DISCLOSE ACT DIES AGAIN…. The DISCLOSE Act (Democracy Is Strengthened by Casting Light On Spending in Elections) seems like such a modest proposal. It the wake of the Citizens United ruling, Democrats thought it made sense to require corporations and interest groups that pay for campaign ads to identify themselves — allowing the public to know who’s saying what.
In the House, the proposal even had a Republican co-sponsor. In the Senate, Dems agreed to make changes Republicans wanted to see related to the way the legislation treated labor unions.
The Senate on Thursday once again blocked consideration of a controversial campaign finance measure that would require greater disclosure of corporate campaign spending.
A cloture motion to begin debate on the DISCLOSE Act fell short on a 59-39 vote. The outcome likely puts the legislation on the back burner until after the midterm elections, but it is unclear whether Majority Leader Harry Reid (D-Nev.) will try to take the issue up again during a lame-duck session.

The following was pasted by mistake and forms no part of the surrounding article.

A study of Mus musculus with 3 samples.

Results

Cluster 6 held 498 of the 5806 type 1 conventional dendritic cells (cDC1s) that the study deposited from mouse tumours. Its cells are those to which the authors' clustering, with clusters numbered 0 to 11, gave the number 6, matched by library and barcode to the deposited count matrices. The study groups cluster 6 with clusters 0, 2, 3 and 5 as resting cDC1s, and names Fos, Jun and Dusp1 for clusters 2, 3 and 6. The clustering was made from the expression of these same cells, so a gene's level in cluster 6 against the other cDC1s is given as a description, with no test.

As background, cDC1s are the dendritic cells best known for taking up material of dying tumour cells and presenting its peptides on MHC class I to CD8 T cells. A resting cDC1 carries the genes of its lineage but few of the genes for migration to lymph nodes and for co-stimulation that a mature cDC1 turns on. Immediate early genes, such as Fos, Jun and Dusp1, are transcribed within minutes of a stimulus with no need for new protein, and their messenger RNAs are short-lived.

Democrats only needed one Republican to at least allow the Senate to debate the bill, but not one was willing to break ranks. Remember when Sen. John McCain (R-Ariz.) was a champion of campaign-finance reform? He not only opposed the bill, he filibustered an attempt to have a debate. Remember when Sens. Olympia Snowe (R-Maine), Susan Collins (R-Maine), and Scott Brown (R-Mass.) seemed like the kind of “moderates” who would support an effort like this? All three toed the party line.
It was too late to make any difference in this cycle — “independent” groups helping Republicans are already trying to buy the midterm elections for the GOP — but it’s the kind of common-sense step that would have helped in the future. But “only” a 59-member majority supports the move, which in our dysfunctional legislative system, necessarily means it dies.